North Korea has ordered U.N. inspectors to leave its Yongbyon complex, after saying it would quit international nuclear disarmament talks and restart the plant that makes bomb-grade plutonium.

Disabling the Soviet-era Yongbyon was a key plank in a disablement-for-aid deal the North reached with China, Japan, Russia, South Korea and the United States in 2007.

Pyongyang treats the nuclear research and production center as something of a trump card in international negotiations.

It last threatened to re-start the plant in September 2008, because it was angry at Washington for not taking it off its terrorism blacklist, and made minor but initial moves to re-start the plant, U.S. officials said.

Here are some facts about the complex located about 100 km (60 miles) north of Pyongyang:


The complex consists of a five-megawatt reactor, whose construction began in 1980, a fuel fabrication facility and a plutonium reprocessing plant, where weapons-grade material could be extracted from spent fuel rods.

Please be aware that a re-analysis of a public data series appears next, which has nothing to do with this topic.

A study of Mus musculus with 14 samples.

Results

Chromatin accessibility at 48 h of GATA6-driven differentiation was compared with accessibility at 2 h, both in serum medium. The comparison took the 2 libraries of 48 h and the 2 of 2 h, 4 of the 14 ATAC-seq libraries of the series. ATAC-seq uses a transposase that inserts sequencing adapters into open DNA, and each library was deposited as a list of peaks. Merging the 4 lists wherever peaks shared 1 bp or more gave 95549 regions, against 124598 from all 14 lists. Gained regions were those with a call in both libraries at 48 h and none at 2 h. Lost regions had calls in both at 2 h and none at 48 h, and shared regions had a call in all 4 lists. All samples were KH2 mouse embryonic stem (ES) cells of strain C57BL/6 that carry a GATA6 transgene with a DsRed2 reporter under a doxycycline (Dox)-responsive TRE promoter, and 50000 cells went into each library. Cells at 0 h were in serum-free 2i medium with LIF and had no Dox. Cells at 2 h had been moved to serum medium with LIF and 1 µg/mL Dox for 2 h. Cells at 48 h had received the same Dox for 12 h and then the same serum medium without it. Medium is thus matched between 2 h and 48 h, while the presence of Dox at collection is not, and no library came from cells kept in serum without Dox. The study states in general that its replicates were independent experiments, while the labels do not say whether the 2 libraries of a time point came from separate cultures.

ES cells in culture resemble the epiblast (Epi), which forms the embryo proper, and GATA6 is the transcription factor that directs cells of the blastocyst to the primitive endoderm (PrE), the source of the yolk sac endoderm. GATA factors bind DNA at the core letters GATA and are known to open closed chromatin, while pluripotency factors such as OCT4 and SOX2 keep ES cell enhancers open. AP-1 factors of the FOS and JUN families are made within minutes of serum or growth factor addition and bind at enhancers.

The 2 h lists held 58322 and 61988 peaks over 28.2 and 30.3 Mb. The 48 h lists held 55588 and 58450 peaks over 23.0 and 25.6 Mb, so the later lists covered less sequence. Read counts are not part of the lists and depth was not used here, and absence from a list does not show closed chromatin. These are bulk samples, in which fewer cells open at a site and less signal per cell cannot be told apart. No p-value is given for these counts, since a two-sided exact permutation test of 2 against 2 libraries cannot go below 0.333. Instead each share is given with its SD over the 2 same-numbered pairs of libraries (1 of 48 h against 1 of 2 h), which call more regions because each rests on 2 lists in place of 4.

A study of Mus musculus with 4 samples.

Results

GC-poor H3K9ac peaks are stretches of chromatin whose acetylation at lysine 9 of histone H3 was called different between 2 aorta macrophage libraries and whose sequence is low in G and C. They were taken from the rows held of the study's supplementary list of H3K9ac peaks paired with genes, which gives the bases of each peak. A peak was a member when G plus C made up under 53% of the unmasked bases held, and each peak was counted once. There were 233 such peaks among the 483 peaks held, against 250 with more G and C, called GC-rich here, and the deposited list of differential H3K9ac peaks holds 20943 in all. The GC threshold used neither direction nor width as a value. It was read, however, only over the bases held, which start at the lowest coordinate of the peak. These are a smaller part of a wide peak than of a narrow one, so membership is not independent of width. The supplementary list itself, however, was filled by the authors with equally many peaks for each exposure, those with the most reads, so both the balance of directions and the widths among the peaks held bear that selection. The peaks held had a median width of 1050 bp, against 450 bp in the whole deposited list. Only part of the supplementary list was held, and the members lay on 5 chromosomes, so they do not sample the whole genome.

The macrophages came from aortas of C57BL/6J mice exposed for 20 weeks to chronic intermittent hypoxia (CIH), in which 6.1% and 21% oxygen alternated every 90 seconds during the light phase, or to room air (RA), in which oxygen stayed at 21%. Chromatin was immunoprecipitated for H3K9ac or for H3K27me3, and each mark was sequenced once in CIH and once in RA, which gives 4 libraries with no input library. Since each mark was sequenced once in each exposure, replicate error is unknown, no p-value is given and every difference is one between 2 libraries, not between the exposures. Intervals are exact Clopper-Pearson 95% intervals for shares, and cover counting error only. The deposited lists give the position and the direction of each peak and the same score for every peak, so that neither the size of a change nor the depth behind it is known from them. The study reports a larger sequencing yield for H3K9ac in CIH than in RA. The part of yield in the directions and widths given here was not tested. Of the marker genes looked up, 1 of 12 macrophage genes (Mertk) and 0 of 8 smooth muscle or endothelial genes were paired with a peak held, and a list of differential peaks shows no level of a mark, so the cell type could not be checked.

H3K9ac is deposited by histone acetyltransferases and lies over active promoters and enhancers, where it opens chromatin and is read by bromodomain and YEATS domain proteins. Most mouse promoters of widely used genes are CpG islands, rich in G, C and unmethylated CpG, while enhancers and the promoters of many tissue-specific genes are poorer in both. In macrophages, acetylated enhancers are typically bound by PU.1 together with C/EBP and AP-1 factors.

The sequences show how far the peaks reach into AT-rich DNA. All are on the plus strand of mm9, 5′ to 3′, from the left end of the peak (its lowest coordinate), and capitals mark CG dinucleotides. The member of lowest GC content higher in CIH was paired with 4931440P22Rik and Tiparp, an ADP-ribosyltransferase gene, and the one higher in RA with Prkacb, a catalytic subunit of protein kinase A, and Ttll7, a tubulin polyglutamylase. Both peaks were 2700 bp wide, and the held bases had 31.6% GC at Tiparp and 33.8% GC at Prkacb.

The site also contains a 50-megawatt reactor whose construction was suspended under a 1994 nuclear deal with the United States. The reactor is nowhere near completion.


In February 2005, North Korea declared for the first time that it had nuclear weapons. It conducted its first nuclear test with a plutonium-based device in October 2006.


U.S. technicians began taking apart the three main working facilities at Yongbyon in November 2007, after a breakthrough February 2007 agreement.

North Korea said the toppling of the reactor's cooling tower in June 2008 was a demonstration of its commitment to the deal.


U.S. officials said the North has produced about 50 kg (110 lb) of plutonium, which proliferation experts said would be enough for six to eight nuclear weapons.

If North Korea re-starts Yongbyon, it could eventually extract enough material from spent fuel rods cooling at the plant to make one more nuclear bomb, adding to its meager stockpile of fissile material and making another nuclear test more likely.